The Roman Empire Achieved Its Conquests Through Brutality and Death

Warfare History Network

Key Point: Glory is built on horror.

“Augustus found Rome brick and left it marble” is an expression pegged to the first of the Roman emperors. And indeed Rome flourished around the time of Christ, erecting magnificent arches and columns, palaces and public buildings, temples and baths, coliseums and aqueducts. The world had never seen such a place.

Rome was a winner. It was the rest of the Mediterranean world that paid the price. The minerals of Spain and the farms of Sicily and North Africa produced the wealth that found its way into the grand architecture of the Italian city.

Conquest Always the Goal

Mainly, what is recalled of Rome is this contribution of astonishing construction, along with its administration of a vast empire. Less remembered is how it got there: Brutally.

To rise to the level of masters of the Mediterranean the Romans wielded their legions with astonishing ruthlessness. Conquest was the goal, and never mind the means. By about 150 bc, Rome had twice humbled Carthage in the first two Punic Wars.

Carthage was then attacked by Masinissa of nearby Numidia and, disobeying the treaty that ended the Second Punic War, Carthage warred back. Rome, troubled by the economic rebound of its rival during the peace following the Second Punic War in 202 bc, and lustful of North African fields to be tilled by new slaves, declared war on Carthage.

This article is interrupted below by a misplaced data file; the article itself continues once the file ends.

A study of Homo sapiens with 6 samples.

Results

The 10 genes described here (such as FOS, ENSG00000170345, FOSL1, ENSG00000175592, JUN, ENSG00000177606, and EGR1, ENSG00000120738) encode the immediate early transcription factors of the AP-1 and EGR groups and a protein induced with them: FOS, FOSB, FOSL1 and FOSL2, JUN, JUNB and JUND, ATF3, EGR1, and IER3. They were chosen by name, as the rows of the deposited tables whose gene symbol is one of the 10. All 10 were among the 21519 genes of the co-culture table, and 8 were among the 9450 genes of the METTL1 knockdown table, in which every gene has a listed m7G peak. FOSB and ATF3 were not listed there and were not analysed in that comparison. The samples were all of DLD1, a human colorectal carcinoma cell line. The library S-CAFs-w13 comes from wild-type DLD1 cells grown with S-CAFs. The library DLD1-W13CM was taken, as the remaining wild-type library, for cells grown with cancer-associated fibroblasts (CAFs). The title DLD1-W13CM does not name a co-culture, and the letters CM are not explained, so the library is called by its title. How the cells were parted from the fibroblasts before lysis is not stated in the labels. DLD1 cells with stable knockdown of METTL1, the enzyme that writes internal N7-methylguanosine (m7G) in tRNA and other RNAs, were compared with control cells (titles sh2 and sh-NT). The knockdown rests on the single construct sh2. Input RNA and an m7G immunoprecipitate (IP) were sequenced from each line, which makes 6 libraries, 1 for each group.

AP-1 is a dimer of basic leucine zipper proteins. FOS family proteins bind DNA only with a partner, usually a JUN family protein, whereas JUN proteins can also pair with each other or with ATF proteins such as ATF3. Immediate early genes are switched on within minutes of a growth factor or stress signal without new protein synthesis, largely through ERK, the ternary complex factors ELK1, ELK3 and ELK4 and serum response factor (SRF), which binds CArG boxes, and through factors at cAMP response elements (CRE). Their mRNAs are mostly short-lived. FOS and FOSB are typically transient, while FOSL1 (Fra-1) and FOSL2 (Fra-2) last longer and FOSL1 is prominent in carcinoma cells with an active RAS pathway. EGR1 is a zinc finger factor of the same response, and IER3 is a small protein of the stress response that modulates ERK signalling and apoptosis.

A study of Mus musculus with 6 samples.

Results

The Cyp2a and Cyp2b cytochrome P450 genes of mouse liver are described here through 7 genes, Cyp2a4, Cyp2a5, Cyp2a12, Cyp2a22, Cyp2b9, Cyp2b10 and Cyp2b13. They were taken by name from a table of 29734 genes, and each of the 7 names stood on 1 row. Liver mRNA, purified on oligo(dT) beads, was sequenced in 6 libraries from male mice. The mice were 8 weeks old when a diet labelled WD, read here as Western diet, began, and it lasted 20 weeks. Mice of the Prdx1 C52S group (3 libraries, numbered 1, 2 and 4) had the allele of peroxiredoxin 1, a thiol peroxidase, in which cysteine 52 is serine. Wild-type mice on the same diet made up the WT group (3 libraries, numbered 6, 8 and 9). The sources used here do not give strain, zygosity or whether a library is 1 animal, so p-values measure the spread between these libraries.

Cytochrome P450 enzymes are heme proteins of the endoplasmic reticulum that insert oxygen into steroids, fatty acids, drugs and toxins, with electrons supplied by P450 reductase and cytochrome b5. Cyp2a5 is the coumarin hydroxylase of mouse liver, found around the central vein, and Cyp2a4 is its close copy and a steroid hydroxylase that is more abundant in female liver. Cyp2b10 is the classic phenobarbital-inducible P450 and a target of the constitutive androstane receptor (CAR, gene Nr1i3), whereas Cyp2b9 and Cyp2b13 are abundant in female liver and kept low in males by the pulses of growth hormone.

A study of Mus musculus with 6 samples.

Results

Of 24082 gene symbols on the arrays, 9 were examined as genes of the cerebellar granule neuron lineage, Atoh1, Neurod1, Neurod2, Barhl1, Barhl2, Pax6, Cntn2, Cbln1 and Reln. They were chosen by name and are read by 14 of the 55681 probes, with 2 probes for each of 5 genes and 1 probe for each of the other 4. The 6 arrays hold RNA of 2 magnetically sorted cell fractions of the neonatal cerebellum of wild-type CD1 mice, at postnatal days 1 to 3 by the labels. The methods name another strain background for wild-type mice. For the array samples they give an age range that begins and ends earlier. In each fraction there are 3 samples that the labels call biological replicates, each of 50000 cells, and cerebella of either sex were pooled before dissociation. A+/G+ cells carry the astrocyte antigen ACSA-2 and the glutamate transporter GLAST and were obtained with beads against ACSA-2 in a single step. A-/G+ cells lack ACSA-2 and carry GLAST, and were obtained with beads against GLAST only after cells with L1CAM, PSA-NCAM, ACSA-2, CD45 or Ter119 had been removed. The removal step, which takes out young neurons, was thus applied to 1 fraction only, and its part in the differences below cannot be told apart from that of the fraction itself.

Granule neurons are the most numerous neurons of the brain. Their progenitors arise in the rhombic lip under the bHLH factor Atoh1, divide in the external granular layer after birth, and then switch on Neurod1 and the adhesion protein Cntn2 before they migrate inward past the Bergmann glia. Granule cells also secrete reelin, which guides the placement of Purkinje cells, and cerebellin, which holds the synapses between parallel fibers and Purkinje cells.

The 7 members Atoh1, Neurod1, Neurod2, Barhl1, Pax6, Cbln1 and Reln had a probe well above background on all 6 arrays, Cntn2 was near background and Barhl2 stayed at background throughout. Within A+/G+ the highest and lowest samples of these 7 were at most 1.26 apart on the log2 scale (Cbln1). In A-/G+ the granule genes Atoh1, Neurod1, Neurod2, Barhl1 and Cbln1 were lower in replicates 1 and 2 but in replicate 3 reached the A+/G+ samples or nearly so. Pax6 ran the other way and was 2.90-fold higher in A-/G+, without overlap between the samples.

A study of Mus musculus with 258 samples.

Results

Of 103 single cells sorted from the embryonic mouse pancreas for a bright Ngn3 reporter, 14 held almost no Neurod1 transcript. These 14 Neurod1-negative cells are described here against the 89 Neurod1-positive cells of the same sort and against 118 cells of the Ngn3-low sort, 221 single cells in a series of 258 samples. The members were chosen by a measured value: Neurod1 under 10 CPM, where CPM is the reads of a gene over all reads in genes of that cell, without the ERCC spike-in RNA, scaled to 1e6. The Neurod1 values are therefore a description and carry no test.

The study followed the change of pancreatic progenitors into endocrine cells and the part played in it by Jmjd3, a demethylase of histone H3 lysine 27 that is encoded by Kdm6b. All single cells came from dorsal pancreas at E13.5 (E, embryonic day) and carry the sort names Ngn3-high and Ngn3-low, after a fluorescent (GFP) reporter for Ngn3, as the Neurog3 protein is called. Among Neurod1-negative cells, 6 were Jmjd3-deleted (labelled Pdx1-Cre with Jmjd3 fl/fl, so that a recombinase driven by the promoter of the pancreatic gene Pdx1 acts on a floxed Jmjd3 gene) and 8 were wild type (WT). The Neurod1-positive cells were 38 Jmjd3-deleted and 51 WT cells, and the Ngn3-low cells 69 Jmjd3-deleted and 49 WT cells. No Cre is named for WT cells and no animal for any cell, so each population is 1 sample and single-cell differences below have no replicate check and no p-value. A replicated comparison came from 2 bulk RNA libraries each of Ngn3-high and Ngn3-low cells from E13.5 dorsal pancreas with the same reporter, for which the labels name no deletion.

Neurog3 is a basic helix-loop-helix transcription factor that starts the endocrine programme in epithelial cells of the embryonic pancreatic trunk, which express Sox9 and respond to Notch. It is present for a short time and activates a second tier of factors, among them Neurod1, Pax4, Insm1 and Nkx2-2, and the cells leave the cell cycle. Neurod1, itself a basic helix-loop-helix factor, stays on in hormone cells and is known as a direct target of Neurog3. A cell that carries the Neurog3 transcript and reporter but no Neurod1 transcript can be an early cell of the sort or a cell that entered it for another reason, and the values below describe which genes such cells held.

Ships, Arms, and 300 Children

By this time Rome controlled Spain, Sicily, Sardinia, and the sea lanes, which gave it the upper hand in any contest. Blocked from the interior by Masinissa and from the sea by Roman fleets, Carthage understood this, too. So when Rome promised Carthage that if it sent 300 children of its noblest families to Rome as hostages, the African city’s freedom would be assured, Carthage complied, to the great lamentation of its first families.